It’s just humming away here at Thunderbean, attempting to get a master closer to completion on ‘Fleischer Rarities’ and other things. Next week is the first week of classes here as well, so I’m working a lot to prepare various things for the new school year.
This next week, I’m happy to announce a little program of rare films we’re doing for the Cinecon Festival. For those familiar with this blog and some of the ‘Special’ sets, you’ll be familiar with many of the films, but I always like to have something that hasn’t been shown anywhere yet as part of that show. This year, that film is Buster Bear (1930), an incredibly rare ‘Vitaphone’ cartoon, from the ‘Scarfoot’ McCrory Studios! It appears that the film was made in 1930, and released (likely limited) at the end of January 1931. The short appears to not have had any distribution in its complete form since this first release, so we’re happy to present it from the original camera negative. Many thanks to our friends at the Library of Congress. Here are some stills. More about this film soon in coming post!
In other news, there have been several scanning/telecine sessions in the past week or so, and more coming. We’re kicking many sets into high gear, and excited to see them coming to fruition. It’s a long path at times- and there’s a lot of things in progress, with more on their way soon.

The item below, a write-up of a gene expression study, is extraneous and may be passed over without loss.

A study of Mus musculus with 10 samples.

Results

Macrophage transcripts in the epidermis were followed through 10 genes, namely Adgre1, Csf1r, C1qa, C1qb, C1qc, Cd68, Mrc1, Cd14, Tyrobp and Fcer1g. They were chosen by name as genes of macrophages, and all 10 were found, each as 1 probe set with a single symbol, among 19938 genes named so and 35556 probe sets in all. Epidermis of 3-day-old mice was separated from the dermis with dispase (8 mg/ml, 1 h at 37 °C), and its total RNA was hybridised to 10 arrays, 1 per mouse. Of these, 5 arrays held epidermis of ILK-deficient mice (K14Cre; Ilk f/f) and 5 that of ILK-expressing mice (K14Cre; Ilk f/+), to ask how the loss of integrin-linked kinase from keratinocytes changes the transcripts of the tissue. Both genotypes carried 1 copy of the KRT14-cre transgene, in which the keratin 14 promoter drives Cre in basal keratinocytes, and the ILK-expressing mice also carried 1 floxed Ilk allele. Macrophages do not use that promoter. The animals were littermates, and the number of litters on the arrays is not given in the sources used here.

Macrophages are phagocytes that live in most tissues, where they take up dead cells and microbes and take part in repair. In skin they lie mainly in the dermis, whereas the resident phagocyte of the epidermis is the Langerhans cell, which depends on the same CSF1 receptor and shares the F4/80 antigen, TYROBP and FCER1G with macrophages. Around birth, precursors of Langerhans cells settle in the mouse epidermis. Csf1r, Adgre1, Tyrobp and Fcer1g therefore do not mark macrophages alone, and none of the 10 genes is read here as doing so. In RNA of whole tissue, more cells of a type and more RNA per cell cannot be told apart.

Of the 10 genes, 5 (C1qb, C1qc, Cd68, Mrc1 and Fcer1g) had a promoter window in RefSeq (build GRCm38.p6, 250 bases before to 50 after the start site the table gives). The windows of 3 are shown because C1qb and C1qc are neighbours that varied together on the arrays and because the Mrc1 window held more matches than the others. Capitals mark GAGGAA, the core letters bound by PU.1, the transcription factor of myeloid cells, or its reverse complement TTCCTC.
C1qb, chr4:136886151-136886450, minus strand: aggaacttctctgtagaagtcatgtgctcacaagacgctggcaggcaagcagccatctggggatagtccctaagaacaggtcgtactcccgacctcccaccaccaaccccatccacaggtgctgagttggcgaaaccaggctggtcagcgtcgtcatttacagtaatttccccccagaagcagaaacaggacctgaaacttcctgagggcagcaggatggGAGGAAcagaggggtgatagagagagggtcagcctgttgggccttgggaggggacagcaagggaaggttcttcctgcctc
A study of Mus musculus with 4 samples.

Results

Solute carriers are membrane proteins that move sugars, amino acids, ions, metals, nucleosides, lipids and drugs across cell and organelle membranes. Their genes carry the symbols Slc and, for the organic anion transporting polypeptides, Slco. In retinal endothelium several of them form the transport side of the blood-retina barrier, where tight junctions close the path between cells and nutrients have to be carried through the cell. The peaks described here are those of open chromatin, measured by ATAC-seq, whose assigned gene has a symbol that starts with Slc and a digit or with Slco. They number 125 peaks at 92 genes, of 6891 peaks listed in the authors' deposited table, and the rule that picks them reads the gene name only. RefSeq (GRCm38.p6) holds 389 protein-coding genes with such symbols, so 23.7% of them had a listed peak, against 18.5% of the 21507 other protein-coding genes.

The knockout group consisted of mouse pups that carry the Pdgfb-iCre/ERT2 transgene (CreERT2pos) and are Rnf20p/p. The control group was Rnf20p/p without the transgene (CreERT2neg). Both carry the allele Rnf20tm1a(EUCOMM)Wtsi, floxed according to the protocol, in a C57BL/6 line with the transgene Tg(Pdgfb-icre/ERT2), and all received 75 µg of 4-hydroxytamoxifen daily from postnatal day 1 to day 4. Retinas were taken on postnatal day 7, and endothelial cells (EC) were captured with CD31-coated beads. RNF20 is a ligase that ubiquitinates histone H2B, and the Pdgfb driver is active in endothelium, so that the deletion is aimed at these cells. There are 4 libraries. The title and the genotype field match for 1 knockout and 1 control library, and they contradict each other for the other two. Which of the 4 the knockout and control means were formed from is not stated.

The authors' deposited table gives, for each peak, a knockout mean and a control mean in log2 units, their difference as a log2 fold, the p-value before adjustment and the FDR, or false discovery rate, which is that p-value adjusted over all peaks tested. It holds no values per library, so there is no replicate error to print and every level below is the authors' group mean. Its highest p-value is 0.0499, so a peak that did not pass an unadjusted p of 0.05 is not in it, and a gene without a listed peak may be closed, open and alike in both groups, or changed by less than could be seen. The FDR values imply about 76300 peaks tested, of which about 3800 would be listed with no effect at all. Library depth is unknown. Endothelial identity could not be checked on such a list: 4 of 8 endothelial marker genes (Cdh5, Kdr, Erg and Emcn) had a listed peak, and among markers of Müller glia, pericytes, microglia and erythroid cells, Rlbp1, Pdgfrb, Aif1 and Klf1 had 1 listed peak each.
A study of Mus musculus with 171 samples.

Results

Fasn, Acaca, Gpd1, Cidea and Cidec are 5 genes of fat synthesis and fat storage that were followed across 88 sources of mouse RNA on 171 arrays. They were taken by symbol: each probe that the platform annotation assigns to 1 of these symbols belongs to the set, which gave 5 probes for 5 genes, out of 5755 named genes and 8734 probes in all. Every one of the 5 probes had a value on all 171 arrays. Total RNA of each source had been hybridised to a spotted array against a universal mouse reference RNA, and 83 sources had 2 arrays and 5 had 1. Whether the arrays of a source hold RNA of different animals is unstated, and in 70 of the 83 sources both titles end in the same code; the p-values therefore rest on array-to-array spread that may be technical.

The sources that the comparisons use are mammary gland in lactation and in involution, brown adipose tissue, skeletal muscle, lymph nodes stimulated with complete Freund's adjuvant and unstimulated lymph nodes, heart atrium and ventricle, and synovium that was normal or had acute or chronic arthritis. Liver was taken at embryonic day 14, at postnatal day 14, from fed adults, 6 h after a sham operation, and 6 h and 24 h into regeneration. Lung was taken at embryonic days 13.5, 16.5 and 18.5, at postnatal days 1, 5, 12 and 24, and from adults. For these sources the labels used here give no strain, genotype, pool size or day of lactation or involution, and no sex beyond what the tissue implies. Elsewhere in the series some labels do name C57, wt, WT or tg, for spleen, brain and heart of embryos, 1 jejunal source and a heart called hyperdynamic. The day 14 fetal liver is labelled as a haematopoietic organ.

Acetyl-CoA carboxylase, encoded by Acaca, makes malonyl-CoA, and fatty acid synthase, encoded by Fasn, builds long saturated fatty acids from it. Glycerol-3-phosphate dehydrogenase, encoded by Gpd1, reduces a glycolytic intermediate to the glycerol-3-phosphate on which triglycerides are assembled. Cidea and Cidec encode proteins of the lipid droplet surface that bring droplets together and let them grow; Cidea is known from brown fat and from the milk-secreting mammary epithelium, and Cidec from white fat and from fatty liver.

At the risk of this seeming like ‘Scrappy Thursday’, here’s another Columbia this week, and an interesting and really fun one. Minding the Baby (1931), Is fun in all the ways the other early entries are in the series, and starts to firmly establish Scrappy firmly in Mickey Mouse’s territory as a fall guy in an unjust world. Poor Scrappy does his best to mind his little brother, ’Oscar’ (the first mention of the character that would eventually be called ‘Oopy’). It’s actually unclear if ‘Oscar’ is actually Scrappy’s brother- it seems here that he’s been hired as a babysitter (being paid a nickel for his watchful eye). Whether it’s his mother or not isn’t certain (Scrappy responds with a ‘Yes Ma’am’).
The direction of Scrappy’s personality starts to be refined in this last short of 1931. Scrappy reacts to the events that befall him in a similar matter as Mickey Mouse, although Mickey is clearly an adult reacting as a child to the events surrounding him, while Scrappy really *is* a little kid.
This particular cartoon seems a little more rushed to me than others in the early part of the series. Scrappy’s design various greatly throughout the film, depending on animator. There’s some really fun posing throughout, but nowhere near as strong as in some of the other early shorts.
More soon! Have a good week everyone!